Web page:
Not for the first time, and probably not for the last, I find myself clinging to the importance of cultural intelligence. Often, I’ve thought of this concept in terms of defining the culture at work, or in a family, in a country or even in a classroom. But now studies have been done on actual cultural ethnicities to measure the criteria for success. The reason: there’s a “seemingly daunting fact that … for some groups … upward mobility and the American dream are alive and well while for others it is not. Certain ethnic, religious and national-origin groups are doing strikingly better than Americans overall.” (New York Times) It is striking that the main criteria in reaching success is quite different from what you might imagine. Take a guess at what you think is the main characteristic for success before reading on.

In my executive coaching work, I’m always looking for the key to success and satisfaction in a business environment. The study referred to above has provided some very insightful, even useful and intriguing, facts that might open new doors to understanding.

“Self-esteem, at least in Western cultures, is considered the bedrock of individual success. You can’t possibly get ahead in life, the logic goes, unless you believe you are perfectly awesome.” – Forbes Magazine

What if I told you that what Forbes touts is inconsistent with the most recent measurements for success? In fact, the ethnicities with the greatest successes in U.S. business today, namely Indian, Iranian, Lebanese, and Chinese Americans, measure with less self-confidence than many other “less successful” (measuring strictly by material wealth, test results and business positions, not happiness) groups.

There is also an urban myth that those born with a silver spoon and cultural advantages do better in business. Yet, many of today’s most successful people are children of immigrants who had no material benefits growing up. Comprehensive data published by the Russell Sage Foundation in 2013 showed that the children of Chinese, Korean and Vietnamese immigrants experienced exceptional upward mobility regardless of their parents’ socioeconomic or educational background. And, of equal interest, certain black and Hispanic groups excel. Take this statistic: Nigerians make up less than 1% of the black population in the U.S. yet almost 25% of the black students at Harvard Business School in 2013.

So what is it? What is the cultural key to success? What do these groups and individuals have in common? What is the tie that binds?

One thing is clear. Culture is at work, not merely innate intelligence. The fact is that all share three traits that help propel them to success, known as the Triple Package of traits:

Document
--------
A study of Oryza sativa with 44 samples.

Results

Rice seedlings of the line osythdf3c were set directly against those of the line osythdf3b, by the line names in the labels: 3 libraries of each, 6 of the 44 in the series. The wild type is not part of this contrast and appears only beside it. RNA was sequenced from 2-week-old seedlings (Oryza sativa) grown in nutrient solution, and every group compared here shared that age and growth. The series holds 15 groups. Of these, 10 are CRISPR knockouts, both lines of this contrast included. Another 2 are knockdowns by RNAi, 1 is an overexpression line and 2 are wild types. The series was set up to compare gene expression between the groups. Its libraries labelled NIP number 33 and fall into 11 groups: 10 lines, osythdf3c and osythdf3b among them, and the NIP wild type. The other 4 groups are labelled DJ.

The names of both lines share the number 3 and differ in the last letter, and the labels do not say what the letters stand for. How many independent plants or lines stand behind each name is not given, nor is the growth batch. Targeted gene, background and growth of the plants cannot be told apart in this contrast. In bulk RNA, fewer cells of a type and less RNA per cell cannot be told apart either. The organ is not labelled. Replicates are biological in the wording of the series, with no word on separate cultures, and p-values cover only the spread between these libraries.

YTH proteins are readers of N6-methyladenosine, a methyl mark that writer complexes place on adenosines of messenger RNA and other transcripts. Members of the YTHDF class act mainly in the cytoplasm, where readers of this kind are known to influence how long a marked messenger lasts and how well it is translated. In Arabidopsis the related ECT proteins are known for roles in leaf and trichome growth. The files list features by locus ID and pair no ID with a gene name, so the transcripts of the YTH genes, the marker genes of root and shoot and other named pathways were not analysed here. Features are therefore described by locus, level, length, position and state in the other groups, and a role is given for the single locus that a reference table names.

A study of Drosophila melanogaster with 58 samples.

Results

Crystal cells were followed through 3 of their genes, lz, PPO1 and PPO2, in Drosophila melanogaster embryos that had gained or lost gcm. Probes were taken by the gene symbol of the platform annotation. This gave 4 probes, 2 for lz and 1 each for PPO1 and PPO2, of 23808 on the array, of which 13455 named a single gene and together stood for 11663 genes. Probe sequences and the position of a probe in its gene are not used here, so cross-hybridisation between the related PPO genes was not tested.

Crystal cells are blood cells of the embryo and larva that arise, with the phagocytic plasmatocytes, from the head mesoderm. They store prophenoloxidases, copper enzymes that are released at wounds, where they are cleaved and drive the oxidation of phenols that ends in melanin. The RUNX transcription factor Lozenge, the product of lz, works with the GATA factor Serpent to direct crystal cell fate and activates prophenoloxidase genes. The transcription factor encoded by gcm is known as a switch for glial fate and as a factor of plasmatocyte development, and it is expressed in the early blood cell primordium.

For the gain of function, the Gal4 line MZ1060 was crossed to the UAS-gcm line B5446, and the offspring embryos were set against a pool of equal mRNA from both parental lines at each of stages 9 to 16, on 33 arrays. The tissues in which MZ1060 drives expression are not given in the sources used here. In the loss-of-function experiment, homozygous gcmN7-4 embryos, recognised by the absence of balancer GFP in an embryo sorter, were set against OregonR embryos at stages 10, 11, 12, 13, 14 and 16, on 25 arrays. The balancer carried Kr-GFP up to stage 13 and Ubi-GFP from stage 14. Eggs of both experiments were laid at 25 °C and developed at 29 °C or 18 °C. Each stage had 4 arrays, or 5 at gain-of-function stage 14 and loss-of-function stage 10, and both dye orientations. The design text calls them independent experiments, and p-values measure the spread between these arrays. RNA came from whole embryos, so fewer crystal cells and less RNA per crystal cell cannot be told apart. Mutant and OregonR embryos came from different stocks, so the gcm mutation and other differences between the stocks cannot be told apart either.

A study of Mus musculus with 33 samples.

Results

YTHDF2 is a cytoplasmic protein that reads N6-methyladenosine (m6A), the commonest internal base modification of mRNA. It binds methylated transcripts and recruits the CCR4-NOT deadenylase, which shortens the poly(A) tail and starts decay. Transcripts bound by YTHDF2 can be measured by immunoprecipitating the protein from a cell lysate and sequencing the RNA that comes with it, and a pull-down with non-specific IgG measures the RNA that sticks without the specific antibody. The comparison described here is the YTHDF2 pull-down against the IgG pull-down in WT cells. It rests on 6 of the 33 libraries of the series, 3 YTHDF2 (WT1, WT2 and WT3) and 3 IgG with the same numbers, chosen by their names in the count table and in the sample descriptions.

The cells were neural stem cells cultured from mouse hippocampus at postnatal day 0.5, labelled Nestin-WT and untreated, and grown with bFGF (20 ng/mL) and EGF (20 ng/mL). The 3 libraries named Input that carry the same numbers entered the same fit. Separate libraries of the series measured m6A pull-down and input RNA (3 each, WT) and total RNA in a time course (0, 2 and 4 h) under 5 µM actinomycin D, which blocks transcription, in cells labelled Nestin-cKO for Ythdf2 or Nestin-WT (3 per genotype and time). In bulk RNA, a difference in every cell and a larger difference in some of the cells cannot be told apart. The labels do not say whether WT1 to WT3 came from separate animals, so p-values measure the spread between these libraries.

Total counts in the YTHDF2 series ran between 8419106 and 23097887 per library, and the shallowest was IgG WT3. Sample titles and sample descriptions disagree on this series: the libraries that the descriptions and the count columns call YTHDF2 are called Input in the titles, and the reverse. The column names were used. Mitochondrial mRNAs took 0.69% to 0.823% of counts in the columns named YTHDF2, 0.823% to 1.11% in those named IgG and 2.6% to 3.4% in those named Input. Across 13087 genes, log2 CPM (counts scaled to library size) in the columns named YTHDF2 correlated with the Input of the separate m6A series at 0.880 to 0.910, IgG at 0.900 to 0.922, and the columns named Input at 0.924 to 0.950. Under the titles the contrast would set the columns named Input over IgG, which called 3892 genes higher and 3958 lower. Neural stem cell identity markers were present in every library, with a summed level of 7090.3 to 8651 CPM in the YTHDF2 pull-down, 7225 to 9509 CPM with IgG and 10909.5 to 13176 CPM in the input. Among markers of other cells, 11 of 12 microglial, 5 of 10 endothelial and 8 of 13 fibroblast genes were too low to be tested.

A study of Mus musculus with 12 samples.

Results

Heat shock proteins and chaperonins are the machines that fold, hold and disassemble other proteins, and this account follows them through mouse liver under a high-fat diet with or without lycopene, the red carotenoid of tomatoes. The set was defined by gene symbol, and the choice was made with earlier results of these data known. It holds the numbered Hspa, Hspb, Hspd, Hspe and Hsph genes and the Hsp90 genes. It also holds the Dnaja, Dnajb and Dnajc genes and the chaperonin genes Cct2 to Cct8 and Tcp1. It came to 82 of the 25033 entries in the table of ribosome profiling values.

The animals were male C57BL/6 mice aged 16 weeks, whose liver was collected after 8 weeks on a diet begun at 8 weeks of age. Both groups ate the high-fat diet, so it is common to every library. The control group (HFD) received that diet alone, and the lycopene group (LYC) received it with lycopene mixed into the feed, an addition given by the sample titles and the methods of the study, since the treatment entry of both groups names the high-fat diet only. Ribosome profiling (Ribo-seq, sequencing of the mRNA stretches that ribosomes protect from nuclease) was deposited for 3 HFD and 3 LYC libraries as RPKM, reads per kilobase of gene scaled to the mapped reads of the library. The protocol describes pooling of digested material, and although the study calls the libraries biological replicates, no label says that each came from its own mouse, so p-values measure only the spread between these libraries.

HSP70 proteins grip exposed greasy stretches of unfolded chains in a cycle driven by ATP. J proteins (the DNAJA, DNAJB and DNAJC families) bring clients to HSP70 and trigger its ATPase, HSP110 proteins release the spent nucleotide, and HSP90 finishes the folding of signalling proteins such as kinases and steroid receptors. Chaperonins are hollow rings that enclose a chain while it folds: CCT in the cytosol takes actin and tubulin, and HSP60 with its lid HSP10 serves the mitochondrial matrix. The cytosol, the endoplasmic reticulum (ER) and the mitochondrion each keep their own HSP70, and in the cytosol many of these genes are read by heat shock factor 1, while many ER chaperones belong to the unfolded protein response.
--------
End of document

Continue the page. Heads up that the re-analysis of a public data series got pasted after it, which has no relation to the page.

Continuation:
– clear intention – a deep sense of knowing where to go and where not to
– the Olympic drive – a feeling that what you’ve done is not good enough and you can do even better
– impulse control – the ability to manage oneself in challenging moments also known as emotional intelligence

So the key to group cultural success is at once to feel a clear intention coupled with the drive to succeed while also resisting temptation and delaying gratification or in other words being emotional intelligent. The group also figures themselves in some way to be superior. One way in which this might manifest was revealed when 5000 immigrant children were studied. The most successful felt motivated to achieve because of an acute sense of obligation to redeem their parents’ sacrifices. In many Chinese families parents impose exorbitant academic expectations and make the children feel that family honor depends on their success. As for impulse control, it means to look at long term objectives not just momentary satisfaction or reward.

I’ve employed this process with my executive coaching clients many times. It helps. For example, I coached an administrative assistant who wanted to move to management. She had the Olympic drive, but was unable to fully appreciate her strengths and thereby balance her desire to prove herself with the confidence that she was special. After several month of helping her improve her emotional intelligence, she rapidly proved herself within her company and began moving up in the hierarchy.

How can you use this information to help you in business? First, recognize that the studies show trends in ethnic and cultural groups, not stereotypes. Second, consider those around you in a business environment and examine them, particularly those who are the most successful. Then, examine yourself and perhaps use coaching to see whether you have the trifecta, or your version of it, that can propel you to the success you desire.